What I found more compelling was the concept of self-assembly and self-reconfiguration, rather than the lego-like MIT digital materials in the link I gave before: http://cba.mit.edu/docs/papers/06.09.digital_materials.pdf Was this the MIT digital materials you referred to? If not, can you tell us what you were referring to?
NadineJ -- I think the "more compelling" concept is a matter of timeline. The MIT papers do like digital assembly similar to Lego blocks. An article in Wired in recent months discussed a method being used to construct skyscrapers in China in two weeks using a modular approach.
We have seen the open software approach be applied to hardware in the Arduino and BeagleBone and the modular shields we stack upon them. Xerox PARC has done work on 3D printing of circuit boards. These concepts are making traction in the marketplace already.
Ann's earlier article http://www.designnews.com/author.asp?section_id=1392&doc_id=261138 seems to be more futuristic where objects act like (maybe become?) living organisms and adapt their shape and purpose to the environmental need at hand. Science fiction such as the Transformers movies always inspires invention of the future.
Nadine, I googled "MIT digital materials" and came up with several links that seem to be talking about LEGO-like "printing", although it looks more like assembly to me. At the micron level described in a 2009 paper http://cba.mit.edu/docs/papers/06.09.digital_materials.pdf one might be able to call this "digital assembly," but at larger scales that terms seems misleading. Is this what you were referring to?
In any case, it seems to be related to self-assembled and self-reconfigurable devices and materials, on several scales, which DN covered here: http://www.designnews.com/author.asp?section_id=1392&doc_id=261138 and which I find much more compelling.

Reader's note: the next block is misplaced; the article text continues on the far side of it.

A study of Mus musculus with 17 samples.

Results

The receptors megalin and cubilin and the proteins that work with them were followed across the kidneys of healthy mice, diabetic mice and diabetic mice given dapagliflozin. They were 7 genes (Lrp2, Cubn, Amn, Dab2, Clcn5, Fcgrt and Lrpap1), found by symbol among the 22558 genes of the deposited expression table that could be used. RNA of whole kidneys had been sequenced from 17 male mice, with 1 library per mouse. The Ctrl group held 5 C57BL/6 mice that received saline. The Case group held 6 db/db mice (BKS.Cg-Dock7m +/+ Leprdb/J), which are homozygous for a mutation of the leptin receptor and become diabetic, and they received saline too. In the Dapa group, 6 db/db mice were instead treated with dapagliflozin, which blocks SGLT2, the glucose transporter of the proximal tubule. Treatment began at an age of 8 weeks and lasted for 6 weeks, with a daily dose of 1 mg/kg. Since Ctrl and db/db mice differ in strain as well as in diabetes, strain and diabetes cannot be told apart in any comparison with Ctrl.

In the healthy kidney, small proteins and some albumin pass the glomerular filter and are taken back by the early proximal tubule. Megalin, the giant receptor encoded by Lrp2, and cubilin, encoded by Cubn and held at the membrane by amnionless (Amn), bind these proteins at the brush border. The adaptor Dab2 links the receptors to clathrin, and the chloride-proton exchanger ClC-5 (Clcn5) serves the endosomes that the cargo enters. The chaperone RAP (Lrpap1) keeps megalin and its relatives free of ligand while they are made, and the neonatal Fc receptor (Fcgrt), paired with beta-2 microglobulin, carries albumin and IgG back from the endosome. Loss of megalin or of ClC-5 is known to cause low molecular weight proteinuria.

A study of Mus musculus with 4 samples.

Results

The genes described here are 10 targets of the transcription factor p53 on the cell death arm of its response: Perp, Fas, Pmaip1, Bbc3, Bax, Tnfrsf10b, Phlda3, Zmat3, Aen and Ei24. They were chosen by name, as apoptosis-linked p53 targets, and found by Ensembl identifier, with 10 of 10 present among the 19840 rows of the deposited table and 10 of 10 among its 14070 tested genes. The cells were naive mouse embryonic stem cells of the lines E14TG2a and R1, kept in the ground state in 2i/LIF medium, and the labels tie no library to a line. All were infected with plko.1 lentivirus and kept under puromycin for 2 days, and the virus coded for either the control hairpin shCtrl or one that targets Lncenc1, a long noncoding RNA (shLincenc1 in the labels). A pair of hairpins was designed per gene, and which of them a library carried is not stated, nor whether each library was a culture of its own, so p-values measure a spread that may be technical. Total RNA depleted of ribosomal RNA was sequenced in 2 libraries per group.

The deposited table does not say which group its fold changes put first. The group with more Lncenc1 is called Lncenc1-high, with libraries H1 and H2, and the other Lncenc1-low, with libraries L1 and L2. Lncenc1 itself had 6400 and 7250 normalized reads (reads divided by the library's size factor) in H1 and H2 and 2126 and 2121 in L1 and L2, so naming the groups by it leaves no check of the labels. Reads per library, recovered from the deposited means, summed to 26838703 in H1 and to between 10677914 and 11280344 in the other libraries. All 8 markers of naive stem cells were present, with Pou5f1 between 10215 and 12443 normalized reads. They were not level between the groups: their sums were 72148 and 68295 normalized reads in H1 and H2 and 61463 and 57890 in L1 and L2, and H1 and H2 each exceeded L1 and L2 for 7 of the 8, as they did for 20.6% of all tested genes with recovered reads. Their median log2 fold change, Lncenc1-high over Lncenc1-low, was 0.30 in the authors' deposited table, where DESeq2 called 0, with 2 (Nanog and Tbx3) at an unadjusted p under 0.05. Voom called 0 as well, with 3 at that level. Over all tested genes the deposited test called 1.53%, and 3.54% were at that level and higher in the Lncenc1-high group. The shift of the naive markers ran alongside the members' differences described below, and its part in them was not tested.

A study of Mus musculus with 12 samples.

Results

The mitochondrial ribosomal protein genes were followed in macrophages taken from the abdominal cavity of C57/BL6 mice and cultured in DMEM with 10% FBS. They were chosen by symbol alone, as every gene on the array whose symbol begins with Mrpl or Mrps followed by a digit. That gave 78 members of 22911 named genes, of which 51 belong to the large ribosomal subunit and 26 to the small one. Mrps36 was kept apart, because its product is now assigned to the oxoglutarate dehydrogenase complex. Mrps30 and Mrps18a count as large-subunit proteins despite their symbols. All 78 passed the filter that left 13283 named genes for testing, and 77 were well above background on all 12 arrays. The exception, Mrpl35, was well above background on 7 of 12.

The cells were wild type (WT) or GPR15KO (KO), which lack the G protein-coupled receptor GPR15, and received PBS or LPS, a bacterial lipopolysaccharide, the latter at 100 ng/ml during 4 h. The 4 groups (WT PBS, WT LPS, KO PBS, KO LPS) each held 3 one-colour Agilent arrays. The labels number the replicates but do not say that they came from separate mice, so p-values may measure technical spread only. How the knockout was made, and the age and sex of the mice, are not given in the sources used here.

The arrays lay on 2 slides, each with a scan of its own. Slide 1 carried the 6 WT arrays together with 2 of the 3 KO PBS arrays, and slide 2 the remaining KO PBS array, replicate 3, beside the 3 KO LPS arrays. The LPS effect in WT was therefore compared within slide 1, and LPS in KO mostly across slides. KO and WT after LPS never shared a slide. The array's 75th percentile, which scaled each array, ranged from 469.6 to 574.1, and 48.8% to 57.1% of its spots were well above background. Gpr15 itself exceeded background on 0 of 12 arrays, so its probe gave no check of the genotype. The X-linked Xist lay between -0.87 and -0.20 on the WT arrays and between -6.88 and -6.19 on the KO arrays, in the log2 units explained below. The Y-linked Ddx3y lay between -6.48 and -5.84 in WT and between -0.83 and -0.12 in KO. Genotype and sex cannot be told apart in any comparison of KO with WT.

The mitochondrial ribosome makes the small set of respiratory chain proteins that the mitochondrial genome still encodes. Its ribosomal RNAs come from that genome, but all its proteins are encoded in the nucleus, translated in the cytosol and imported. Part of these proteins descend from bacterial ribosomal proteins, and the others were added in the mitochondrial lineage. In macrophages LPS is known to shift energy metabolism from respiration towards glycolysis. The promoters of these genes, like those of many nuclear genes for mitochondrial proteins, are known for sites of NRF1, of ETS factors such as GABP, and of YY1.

It's important to remember that the technology for SLS with metals and with plastic is not the same, so it's not a matter of a 3D printer company using one line of printers for either materials set. It's also a really different expertise set. So far, plastic-based companies like Stratasys are partnering with metals-based companies like Optomec, and 3D Systems has bought the expertise.
Two new technologies from Stratasys, created in partnership with Boeing, Ford, and Siemens, will bring accurate, repeatable manufacturing of very large thermoplastic end products, and much bigger composite parts, onto the factory floor for industries including automotive and aerospace.
These new 3D-printing technologies and printers include some that are truly boundary-breaking: a sophisticated new sub-$10,000, 10-plus materials bioprinter, the first industrial-strength silicone 3D-printing service, and a clever twist on 3D printing and thermoforming for making high-quality realistic models.